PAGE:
New Arrangement: "Boss Battle Theme" from Golden Sun (2001)

An absolutely insane track from Sakuraba, pushing the GameBoy Advance to its limits. Here's an attempt to throw it all together for orchestra.

Feel free to check out the landing page with links to the recording, sheet music and more!

If you are one of my Patrons, you can now find the MIDI, XML and SIB files I created for this arrangement now available to download from your Patreon Google Drive folder!

 
 

Arranger's Note:

"The standard boss battle theme from the original Golden Sun, what does Sakuraba do to instil the fearful presence of a boss?


During our brief introductory "anacrusis" ("before measure 1"), we are thrust into combat with an ascending diminished 7th chord (D-F-Ab-B). Diminished 7ths are fragile by nature, wanting to quickly resolve to a more stable harmony. And so it does, resolving to a loose E Dorian modality (E-F#-G-A-B-C#-D). I say "loose" as there is a fair chunk of chromaticism going on (note the melody ascending D-D#-E, and then descending G-Gb-F-E).


This chromaticism and unstable harmony are fitting techniques for a villainous boss encounter. To enhance this further, the chromatic melody is doubled in 4ths/5ths, creating an exposed sound that historically would have been met with shock and distaste (parallel 5ths yo!). And additionally, various chromatic glissandi are sprinkled within to destabilize the harmony even further.


After the opening chromatic passages, we shift to something more stable in A Dorian (A-B-C-D-E-F#-G; 0:10). Here, the rhythmic syncopation is chopped into a 3-3-2-2-2 pattern, further exacerbated by a shift into a 5/8 meter (0:13), squashing this pattern to a mere 3-3-2-2 division. This shortening of the meter invokes an impending sense of doom, as if time is running out.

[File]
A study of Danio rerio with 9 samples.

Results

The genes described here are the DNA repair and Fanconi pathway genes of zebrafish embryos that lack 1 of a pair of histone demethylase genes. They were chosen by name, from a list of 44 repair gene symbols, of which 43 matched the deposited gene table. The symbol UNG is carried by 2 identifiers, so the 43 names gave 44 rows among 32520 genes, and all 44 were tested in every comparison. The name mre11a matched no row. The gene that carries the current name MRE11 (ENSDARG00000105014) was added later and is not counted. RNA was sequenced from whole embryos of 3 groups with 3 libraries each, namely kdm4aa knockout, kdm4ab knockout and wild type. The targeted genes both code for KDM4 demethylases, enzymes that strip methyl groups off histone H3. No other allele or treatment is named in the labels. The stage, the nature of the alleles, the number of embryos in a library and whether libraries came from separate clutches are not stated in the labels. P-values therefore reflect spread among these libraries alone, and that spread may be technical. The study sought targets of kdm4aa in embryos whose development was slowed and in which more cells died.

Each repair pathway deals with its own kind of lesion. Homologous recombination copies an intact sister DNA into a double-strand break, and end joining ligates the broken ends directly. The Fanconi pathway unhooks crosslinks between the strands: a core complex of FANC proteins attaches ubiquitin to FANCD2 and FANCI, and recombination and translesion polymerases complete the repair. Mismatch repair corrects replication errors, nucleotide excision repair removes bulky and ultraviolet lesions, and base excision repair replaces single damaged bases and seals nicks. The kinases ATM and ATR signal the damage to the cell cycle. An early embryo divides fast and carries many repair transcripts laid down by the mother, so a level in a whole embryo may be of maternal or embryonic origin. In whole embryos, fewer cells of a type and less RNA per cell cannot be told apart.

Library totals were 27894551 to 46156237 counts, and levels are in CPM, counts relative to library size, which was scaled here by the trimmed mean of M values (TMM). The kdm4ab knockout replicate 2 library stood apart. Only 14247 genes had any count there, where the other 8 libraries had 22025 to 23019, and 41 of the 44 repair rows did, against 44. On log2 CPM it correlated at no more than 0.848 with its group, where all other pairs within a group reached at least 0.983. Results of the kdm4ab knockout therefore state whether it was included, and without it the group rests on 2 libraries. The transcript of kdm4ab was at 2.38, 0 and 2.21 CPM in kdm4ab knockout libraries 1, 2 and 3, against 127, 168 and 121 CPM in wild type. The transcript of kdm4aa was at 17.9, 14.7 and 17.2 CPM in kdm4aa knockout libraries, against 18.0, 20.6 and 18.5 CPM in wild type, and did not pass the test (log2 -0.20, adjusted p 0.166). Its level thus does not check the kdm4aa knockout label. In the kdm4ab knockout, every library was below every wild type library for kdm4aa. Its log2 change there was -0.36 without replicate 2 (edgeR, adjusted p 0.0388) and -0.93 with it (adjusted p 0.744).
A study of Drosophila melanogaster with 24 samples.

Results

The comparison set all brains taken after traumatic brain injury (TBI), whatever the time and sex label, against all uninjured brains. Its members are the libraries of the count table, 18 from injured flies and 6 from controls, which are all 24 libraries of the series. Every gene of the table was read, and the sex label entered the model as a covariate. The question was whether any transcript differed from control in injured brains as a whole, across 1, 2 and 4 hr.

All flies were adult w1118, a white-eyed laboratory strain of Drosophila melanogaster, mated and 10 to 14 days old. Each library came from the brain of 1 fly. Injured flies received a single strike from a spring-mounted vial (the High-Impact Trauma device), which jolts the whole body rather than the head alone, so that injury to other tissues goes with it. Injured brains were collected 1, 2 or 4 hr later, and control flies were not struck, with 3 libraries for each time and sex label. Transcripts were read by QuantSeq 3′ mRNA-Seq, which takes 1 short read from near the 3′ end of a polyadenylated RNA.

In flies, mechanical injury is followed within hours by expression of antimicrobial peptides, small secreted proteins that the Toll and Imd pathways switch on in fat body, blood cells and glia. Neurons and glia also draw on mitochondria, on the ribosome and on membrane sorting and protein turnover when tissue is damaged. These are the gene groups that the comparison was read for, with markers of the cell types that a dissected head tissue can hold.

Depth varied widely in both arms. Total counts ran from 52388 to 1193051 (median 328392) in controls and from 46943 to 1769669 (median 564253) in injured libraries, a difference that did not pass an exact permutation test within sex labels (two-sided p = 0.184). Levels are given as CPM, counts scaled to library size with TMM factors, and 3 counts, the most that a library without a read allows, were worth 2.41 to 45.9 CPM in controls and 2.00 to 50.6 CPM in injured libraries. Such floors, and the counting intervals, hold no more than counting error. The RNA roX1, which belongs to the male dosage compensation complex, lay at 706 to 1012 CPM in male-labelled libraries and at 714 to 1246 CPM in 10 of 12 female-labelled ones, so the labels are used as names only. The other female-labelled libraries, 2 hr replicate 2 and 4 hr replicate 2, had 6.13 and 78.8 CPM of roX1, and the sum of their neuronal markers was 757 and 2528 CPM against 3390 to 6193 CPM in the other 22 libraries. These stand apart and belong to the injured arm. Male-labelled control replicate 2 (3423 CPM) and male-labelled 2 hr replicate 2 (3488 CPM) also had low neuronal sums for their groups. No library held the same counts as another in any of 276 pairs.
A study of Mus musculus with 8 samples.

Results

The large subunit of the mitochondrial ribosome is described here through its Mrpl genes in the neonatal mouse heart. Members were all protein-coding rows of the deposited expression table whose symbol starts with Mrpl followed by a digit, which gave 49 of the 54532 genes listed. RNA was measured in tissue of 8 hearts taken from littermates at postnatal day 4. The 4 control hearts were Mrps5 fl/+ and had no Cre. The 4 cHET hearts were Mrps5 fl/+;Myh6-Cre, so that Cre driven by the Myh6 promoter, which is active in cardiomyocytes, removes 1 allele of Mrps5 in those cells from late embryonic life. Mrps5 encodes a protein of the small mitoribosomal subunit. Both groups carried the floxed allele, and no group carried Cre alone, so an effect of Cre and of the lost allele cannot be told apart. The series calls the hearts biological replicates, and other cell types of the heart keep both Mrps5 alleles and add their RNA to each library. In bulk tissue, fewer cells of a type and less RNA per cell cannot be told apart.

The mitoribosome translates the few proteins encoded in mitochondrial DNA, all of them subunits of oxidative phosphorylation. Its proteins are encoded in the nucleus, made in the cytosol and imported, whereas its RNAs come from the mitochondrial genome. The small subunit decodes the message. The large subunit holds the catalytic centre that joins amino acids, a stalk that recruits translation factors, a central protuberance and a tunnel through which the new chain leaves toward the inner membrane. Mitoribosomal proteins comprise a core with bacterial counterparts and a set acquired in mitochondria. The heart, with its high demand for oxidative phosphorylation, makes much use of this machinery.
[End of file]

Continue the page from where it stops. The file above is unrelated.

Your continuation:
As we conclude another 4-measure phrase, this opening material repeats in full at 0:16. To add a touch of development, I sprinkled in a flickering of winds and trumpets (0:19), and doubled the melody another 5th above in the 1st violins.


At 0:29, we get new material, highlighting an interval that has made quite an impression already - the "tritone" (sharpened 4th / flattened 5th, e.g. F-B). This "diabolus in musica" ("devil in music") is fully exposed in the strings and trombones through an eerie passage of glissandi tritones. By this point, any semblance of tonal harmony is all but extinguished, outside of some form of tonal centre surrounding E.


The theme floats chromatically until we get some familiar-sounding material at 0:37. Indeed, it is a brief respite with our good friend, A Dorian. But this lasts a mere 4 seconds, and by 0:41, we are once more thrust into new territory.


Here, at least, the tonality is moreso anchored to E - perhaps some sort of E Phrygian Dominant/ Hijaz tetrachord through the presence of the F-G# interval (E-F-G#-A-B-C-D). The piano has completely run amok, being one of the only instruments that could more easily perform such a rapid passage (I would not want to be so cruel to flutes & violins... maybe next time ;) )


And as we reach 0:48, we receive the icing on the cake: an acoustic Shephard tone (an illusion of infinite ascent). Sakuraba's original saw a continuously, chromatically ascending passage, which was incredibly difficult to pull off with the limitations of the GameBoy Advance. Now for orchestra, we can more seamlessly create the illusion of a Shephard tone by spreading this material to many different instruments that reset at different intervals. The result: a passage that is seemingly rising forever. All the while the harmonic anchor also ascends chromatically (low winds, brass, contrabass).


Very dark and impressive stuff - one of the most advanced and dissonant tracks of Golden Sun, or indeed of the GameBoy Advance era!"